Researchers have drawn an irrefutable link between meat-eating and cancer risk. Similarly, vets have confirmed that dogs, in particular, can thrive without meat and are less prone to certain conditions in lieu of it. Longer life expectancy, better digestion, and improved joints have all been cited as upsides of a meat-free pet diet.
Omni sales soar in the UK
UK-founded vegan dog food brand Omni has revealed that its sales are up by 600 percent. The figure relates to purchases made between September 2021 and February this year. Veganuary could well have played a part in the dramatic uptick, though no detailed breakdown has been published. Omni also reported that the vegan dog food market is expected to grow at a CAGR of 12 percent through 2028. This could represent $15 billion in value. Being founded by a registered veterinarian, Omni is well-positioned to take advantage of an industry boom.
“We have no doubt that a growing group of pet owners eating a plant-based diet themselves will make the shift to feed their pets a plant-based diet as well,” Anna Ottosson, co-founder of Omni investor Trellis Road, said in a statement. “However, pet health is obviously key for this transition and that was one of the things we really liked with Omni, being founded by a vet and with a very strong focus on never compromising with the dogs’ nutritional needs.”
Trellis Road was one of a number of investors who backed the startup to the tune of $1.5 million, with the funds earmarked for the development of new treats and other Omni product lines, in January this year.
2022 saw Veganuary’s biggest event to date, with a reported 629,000 participants signing-up, across 228 countries. Of this number, at least 50 percent are looking to make a permanent change, whether reducing meat intake or eliminating it completely. As attitudes towards diet change, they are being extended to non-human members of the house. This is being bolstered by the newly widespread availability of vegan alternatives for pets, alongside clear information that meat-free nutrition is safe and healthy for furry friends.
Lending credibility to the trend
The Vegan Society has released a new report that suggests people in the U.K. would consider choosing vegan food for their companions. Current feed was included, leading to would vegan alternatives be considered and if so, what would influence a definitive switch. The survey was conducted in light of more companies seeking to offer vegan animal food options.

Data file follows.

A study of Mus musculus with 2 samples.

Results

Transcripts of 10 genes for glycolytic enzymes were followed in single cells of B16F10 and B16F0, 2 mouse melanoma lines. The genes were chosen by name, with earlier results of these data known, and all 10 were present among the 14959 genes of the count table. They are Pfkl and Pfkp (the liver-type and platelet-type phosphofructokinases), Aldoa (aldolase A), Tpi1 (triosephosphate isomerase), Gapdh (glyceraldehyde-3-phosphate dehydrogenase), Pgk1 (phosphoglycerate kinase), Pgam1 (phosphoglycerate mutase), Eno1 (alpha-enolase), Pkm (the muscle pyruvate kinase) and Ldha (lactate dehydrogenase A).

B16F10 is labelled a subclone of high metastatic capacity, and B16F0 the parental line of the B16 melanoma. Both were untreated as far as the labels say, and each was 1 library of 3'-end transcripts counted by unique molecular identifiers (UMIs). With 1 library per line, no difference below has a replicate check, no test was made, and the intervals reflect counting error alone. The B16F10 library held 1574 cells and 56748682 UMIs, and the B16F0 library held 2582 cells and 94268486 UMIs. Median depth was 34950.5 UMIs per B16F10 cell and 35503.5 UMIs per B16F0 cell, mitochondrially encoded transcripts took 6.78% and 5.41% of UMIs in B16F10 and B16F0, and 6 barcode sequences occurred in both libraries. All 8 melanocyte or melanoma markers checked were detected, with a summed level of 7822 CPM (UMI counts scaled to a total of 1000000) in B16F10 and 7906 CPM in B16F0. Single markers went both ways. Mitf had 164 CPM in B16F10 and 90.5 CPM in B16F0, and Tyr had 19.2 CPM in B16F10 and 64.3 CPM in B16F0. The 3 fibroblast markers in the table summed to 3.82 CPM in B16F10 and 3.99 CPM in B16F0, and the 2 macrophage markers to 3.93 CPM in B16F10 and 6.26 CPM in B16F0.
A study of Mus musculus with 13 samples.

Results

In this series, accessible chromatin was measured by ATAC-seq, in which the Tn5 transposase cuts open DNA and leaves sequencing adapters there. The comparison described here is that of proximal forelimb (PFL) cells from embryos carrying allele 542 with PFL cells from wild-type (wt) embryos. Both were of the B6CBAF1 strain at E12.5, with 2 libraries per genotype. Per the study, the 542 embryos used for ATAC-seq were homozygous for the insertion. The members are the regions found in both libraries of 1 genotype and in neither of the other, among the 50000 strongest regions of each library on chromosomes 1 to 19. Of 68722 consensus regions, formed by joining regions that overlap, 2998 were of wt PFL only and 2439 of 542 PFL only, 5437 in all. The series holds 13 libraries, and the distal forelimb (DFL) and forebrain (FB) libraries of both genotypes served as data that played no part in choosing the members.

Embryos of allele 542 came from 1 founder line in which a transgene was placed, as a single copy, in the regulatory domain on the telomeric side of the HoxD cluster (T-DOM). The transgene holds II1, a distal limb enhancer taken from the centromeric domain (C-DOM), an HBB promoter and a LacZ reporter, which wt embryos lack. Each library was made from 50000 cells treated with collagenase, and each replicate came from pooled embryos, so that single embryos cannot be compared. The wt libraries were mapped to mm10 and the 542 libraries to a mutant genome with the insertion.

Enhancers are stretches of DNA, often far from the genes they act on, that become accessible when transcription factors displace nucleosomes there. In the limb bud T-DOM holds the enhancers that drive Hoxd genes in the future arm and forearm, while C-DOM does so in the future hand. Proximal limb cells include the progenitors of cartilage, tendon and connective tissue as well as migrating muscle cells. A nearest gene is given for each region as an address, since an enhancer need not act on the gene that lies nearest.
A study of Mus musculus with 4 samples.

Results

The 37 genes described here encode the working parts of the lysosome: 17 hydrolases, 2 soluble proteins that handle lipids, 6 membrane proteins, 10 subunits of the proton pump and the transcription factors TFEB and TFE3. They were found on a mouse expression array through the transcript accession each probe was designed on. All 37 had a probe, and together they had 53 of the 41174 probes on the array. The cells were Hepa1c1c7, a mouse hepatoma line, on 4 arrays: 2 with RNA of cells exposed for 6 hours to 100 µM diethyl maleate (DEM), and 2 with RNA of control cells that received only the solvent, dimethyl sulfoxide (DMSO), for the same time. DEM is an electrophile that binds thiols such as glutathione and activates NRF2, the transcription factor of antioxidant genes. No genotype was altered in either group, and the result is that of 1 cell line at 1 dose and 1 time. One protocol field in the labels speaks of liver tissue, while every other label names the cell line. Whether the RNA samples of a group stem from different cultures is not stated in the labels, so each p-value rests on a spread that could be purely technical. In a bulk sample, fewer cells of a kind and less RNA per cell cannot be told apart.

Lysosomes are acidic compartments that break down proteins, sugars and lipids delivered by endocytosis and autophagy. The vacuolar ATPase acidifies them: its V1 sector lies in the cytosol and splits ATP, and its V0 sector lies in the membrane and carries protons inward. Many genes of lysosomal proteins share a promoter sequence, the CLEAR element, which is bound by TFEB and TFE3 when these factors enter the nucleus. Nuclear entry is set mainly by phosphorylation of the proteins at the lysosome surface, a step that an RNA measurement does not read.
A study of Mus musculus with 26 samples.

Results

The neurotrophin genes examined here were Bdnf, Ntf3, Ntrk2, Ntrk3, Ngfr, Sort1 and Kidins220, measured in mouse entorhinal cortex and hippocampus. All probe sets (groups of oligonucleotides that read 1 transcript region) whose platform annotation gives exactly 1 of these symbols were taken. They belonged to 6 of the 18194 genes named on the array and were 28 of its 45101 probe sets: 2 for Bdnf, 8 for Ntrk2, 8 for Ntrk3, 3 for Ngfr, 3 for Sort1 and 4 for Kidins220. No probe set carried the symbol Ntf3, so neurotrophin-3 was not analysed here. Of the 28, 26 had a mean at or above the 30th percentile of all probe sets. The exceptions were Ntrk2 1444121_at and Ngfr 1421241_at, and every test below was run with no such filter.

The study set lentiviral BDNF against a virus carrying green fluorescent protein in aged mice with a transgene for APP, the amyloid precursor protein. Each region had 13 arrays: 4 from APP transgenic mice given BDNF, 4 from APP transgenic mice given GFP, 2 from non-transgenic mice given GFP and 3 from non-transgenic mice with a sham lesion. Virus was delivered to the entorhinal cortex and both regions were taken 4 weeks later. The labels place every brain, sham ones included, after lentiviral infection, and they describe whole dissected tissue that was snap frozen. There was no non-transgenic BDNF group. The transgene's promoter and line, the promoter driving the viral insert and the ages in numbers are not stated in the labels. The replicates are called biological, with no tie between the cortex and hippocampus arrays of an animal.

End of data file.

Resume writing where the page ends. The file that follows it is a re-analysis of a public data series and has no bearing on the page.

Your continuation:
Findings revealed that an estimated 59 percent of U.K. households have an animal companion. Dogs and cats account for 60 percent of all pets. Forty-nine percent of survey participants would consider vegan cat food, with 32 percent being willing to buy, if it was shown to be healthy and suitable for their companion; 17 percent were cost-led, saying they would purchase if it was priced favourably. Dog lovers revealed similar results with 45 percent showing interest in plant-based food for their hounds with 32 percent being happy to buy it, if it is nutritious. Thirteen percent said it would need to be priced similarly to conventional food to consider making a switch.
“What this report shows is that both vegans and non-vegans understand that vegan cat and dog food can actually be a healthy option for their four-legged friends with a large number of respondents stating they are focused on the nutritional benefits compared to meat-based foods,” Andrew Knight, veterinary professor of animal welfare and ethics at the University of Winchester said in a statement.
The vegan pet food market uptick
Omni isn’t alone in offering plant-based food for pets. London-based The Pack closed an undisclosed amount in pre-seed funding round in January last year and has gone from strength to strength since. Most recently, the company engaged in the first U.K. vegan dog food advertising campaign, aimed at educating pet lovers and tempting dogs to try a vegan diet.
In December last year, Clif, known for its nutrition bars for humans, revealed a pivot into vegan dog treats with plant-based jerky. The idea came from company team members going on hikes with their dogs, taking Clif bars for themselves, but not having anything suitably healthy or protein-based for their companions. Three flavours were initially announced, each featuring a fibrous vegetable and fragrant fruit combination.
Over in the U.S. the vegan dog food explosion is in full force. Ryan Bethencourt’s Wild Earth brand just announced it is available through Walmart, the world’s largest retailer. The move represents a shift towards plant-based pet food becoming mainstream.
Lead photo by Marián Šicko from Pexels.